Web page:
The enormous benefits of the industrial Internet of things (IIIT) can only be realised if manufacturers understand the importance of starting their digital transformation journeys.

Johannesburg, 12 Feb 2021
Read time 4min 50sec
Professor Brian Armstrong
Professor Brian Armstrong

The Internet of things (IOT) is making the lives of consumers considerably easier, and much the same can be said for the use of IOT sensors in the manufacturing environment. Here, robust sensors are being applied to help manufacturers transform their business operations via what is usually referred to as the industrial IOT (IIOT).

With IIOT taking robotic automation one step further, by creating a network of devices - from tiny, simple environmental sensors to really complex industrial robots – this means that a wealth of information on critical production issues becomes available to help improve processes. Although the word ‘industrial’ calls to mind old factory floors and clanking machines, the fact is that technologies like the IIOT are ready to take manufacturers into a bright new future.

Speaking at the recent virtual MTN Business IOT Developer Day, programme director Professor Brian Armstrong pointed out it is vital that manufacturers get started on their digital transformation journeys, in order to become cognitive enterprises.

“Digitisation will enable these enterprises to become much more effective businesses, by transforming their operations to increase efficiencies, improve product quality, gain better supply chain visibility and improve the experiences of both customers and employees,” he says.

“The IIOT is vital because it breaks down traditional information silos and eliminates the reactive approach that leads to inefficient manufacturing. A good example is unpredicted machine breakdowns, which can lead to high maintenance costs and expensive downtime. An IIOT platform, on the other hand, can help managers to maintain the balance between quality and yield while still providing flexible production processes.”

Matthew Venter, co-founder of My Smart Systems and a speaker at the event, adds that IIOT platforms are designed to extract and analyse data for every aspect in a factory, and then supply users with actionable analytics and insights to help the business to achieve peak performance.

“A strong IIOT platform not only increases throughput and uptime, but at the same time, reduces costs and boosts quality, by allowing informed business decisions to be taken, based on the insights provided by this,” he suggests.

“A simple example of the kind of improved efficiency an organisation can get from the IIOT would be the ability to track when machines on the floor have components – from small screws to complex motors – that need to be replaced. As these get close to their end-of-life, sensors will notify the purchasing and maintenance departments, enabling parts to be ordered and repairs to be made before failure occurs, preventing potential downtime.”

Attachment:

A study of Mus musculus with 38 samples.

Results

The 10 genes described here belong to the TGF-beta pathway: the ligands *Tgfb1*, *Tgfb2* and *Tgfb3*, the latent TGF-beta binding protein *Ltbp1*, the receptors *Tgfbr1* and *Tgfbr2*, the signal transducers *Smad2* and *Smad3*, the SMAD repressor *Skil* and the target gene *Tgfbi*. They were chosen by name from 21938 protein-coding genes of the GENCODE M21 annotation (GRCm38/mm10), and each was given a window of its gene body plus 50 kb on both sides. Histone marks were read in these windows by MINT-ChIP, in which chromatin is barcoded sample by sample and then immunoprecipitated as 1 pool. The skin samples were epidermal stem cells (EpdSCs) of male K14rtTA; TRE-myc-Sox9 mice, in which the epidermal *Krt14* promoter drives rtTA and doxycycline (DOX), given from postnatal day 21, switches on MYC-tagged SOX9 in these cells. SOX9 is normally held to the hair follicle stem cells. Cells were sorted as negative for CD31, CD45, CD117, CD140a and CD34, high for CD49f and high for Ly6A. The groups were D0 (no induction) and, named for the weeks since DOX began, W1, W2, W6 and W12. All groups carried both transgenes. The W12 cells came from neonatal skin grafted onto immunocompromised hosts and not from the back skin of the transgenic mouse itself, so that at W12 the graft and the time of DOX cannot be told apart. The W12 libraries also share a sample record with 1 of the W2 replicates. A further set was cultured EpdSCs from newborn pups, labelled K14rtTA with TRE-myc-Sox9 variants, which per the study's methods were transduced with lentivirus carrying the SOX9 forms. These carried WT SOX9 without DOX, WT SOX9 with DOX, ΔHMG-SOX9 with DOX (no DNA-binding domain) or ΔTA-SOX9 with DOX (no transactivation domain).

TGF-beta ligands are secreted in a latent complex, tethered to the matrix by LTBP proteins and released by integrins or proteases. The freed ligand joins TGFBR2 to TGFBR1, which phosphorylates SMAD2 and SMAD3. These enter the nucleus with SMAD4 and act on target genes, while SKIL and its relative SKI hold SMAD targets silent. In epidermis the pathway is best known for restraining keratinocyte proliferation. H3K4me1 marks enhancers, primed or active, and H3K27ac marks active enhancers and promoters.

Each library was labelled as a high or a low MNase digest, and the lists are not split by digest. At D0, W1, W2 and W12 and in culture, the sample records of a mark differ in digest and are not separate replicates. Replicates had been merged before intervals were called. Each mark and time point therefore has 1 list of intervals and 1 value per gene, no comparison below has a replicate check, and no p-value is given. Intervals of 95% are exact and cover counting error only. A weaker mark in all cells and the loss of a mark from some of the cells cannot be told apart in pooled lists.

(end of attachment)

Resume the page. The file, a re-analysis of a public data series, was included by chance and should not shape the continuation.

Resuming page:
He adds that artificial intelligence (AI) and analytics can be used to look at things like power consumption. Once they have gathered data over time, these technologies will be able to, for example, predict how much power a machine will consume, allowing the business to schedule machine operations at specific times, to avoid peak power usage. They can also be used to initiate an automatic start-up sequence on a Monday morning. In this way, it becomes possible to significantly reduce a company’s electricity bill.

According to John Manuell, local division manager for processing industries at ABB South Africa and another speaker at the event, there are a lot of complex challenges facing industrial leaders today. Among these are increasing pressure to improve efficiency, a greater focus on return on investment (ROI), and issues around safety, sustainability, compliance, productivity, flexibility and asset management.

“Without digitisation, management will need to make decisions in an environment where they often lack information visibility, or there is poor consolidation of data from various areas of the facility,” he says.

“The future will be driven by technology, and the benefits greatly outweigh the perceived risks of adoption, so businesses that aim to remain competitive simply have to adapt. Digital transformation will ultimately create increased value for customers, by increasing efficiency, productivity and flexibility. However, it is crucial that manufacturers understand that digital technology is not the key focus. The real goal is to unlock additional value.”

He points out that attaining this new level of smart industry requires a new way of thinking and the right company culture and employee buy-in, in order to unlock full value.

“My advice when undertaking a digitisation strategy with a view to implementing the IIOT is to think big – remember digital transformation is no longer merely a nice to have, but an absolute must, so the company must develop long-term goals around its implementation. At the same time, you should start small, focusing on the immediate opportunities and quick wins, as this will create more buy-in, while also generating immediate value. Finally, develop a roadmap blending these quick win optimisations with your longer-term growth projects.

“In today’s rapidly evolving digital world, unless manufacturers take a leap of faith and get started, they run the risk of falling behind their competition and ending up in a position where they are constantly trying to play catch-up. There is no doubt that the current and future potential of digital is absolutely enormous. Therefore, any business that is has not begun their transformation journey yet had better get started if they wish to remain competitive in the long run,” concludes Manuell.